I am a list person. I think best with a pen in my hand, and I buy my legal pads by the case. I use calendars with spaces for five or six goals per day, and I usually fill them all up. I feel such a thrill when I cross off an accomplishment that I confess I sometimes list things I’ve already finished just to be able to cross them off. (That’s not cheating, by the way—it’s Being Accurate.)
Right now, I’m swamped with preparations for the fall semester. I’m teaching three classes; each one has its own list already, as well as its own stack of books and its own book bag. Heaven help me if I ever grab the wrong bag!
Yes, I am definitely a list person. So, naturally, my Back-to-School Writing Workout begins with a list—two lists, actually. This exercise is appropriate for any age level.
List + List = Story Start
1. Think about characters. Make a list of a few you’d like to get to know better, and describe them briefly by their most obvious personality traits. Each one should have his, her, or its own identity, which can be inspired by someone you know. Name the ones that seem most real to you. Examples: Jarrett, a boy who wishes he could play trombone; Rosie, a girl who loves soccer; Randall, a talking firefly; Sprink, a fairy who plays tricks on people; Xon, a lavender life form from Pluto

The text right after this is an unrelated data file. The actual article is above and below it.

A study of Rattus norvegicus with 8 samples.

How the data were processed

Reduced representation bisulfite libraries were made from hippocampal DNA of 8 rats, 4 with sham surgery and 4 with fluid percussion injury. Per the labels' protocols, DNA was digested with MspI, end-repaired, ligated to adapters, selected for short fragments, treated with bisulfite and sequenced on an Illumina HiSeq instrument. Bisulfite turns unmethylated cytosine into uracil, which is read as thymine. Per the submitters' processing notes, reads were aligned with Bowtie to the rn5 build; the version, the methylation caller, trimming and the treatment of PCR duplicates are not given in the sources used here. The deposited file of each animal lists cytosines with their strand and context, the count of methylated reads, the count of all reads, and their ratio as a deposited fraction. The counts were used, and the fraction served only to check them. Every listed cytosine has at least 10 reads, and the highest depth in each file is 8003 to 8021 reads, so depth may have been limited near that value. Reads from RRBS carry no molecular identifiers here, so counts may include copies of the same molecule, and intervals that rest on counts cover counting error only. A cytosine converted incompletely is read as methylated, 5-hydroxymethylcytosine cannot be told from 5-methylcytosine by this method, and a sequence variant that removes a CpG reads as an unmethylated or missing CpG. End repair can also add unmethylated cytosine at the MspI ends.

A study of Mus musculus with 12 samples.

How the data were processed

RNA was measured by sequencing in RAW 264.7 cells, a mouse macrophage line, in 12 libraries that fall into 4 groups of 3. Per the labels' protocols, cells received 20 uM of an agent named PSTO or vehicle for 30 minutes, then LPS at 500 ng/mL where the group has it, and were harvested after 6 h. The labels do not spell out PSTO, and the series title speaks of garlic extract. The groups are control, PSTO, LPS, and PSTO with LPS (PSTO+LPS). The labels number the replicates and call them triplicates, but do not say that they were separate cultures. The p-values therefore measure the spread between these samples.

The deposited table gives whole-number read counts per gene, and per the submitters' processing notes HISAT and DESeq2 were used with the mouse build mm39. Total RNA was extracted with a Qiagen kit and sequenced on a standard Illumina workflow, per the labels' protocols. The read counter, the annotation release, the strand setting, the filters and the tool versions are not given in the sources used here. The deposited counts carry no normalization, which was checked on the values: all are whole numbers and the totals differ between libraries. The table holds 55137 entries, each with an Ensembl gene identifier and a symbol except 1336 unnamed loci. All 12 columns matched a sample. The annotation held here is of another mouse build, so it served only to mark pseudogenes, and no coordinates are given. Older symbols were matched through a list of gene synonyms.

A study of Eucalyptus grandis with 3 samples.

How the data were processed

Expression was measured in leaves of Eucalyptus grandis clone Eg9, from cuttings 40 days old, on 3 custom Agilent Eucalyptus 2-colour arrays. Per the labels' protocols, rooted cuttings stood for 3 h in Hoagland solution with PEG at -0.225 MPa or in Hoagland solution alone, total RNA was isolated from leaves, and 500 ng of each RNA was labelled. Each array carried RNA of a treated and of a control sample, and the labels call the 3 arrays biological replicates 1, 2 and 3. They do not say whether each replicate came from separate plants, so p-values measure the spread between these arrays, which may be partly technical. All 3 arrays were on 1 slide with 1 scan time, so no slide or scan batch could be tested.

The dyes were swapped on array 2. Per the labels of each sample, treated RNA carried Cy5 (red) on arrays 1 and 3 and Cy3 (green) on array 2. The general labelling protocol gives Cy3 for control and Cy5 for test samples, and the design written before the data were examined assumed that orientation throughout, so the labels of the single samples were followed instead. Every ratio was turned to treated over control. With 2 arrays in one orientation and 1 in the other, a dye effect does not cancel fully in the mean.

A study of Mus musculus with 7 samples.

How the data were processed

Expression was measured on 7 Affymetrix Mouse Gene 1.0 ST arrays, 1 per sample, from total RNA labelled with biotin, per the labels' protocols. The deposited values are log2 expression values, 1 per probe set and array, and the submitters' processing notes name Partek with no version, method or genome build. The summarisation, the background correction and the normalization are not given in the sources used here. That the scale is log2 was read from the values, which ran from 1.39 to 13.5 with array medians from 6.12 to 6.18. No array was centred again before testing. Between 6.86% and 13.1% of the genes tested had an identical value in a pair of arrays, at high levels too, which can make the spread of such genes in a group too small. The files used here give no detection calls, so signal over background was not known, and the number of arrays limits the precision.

2. Think about settings. Describe a few places you know (or can imagine) in ten words or less. Examples: the basement of a busy department store, a quiet street in a small town, the playground of your elementary school, a path through deep woods at night, a big city subway station
3. Choose a character from your first list. Place him, her, or it in one of the settings in your second list. Give your character a chance to look around a bit. Describe the setting from your character's point of view.
4. Think about conflict. What is the worst thing that could happen to that character in that setting? Don’t be afraid to make the problem seem insurmountable or at least really difficult. Give your character a serious challenge—that’s what makes a story interesting!
5. Think about your character again. How would he, she, or it behave in the situation you’ve described? How could he, she, or it solve the problem? Many stories follow the Rule of Three: a character makes three attempts to solve a problem, which can get much worse before it gets better. Give your character three chances to solve the problem, and let the last one be successful from the character’s point of view.
Use this exercise as a jumping-off point. Write in first or third person, present or past tense. If one of your elements is not exciting to you, try another one from your list. If a really good idea grabs you, keep going with it, even if it's not what you intended. Try to write a whole rough draft before you think about revising. Have fun!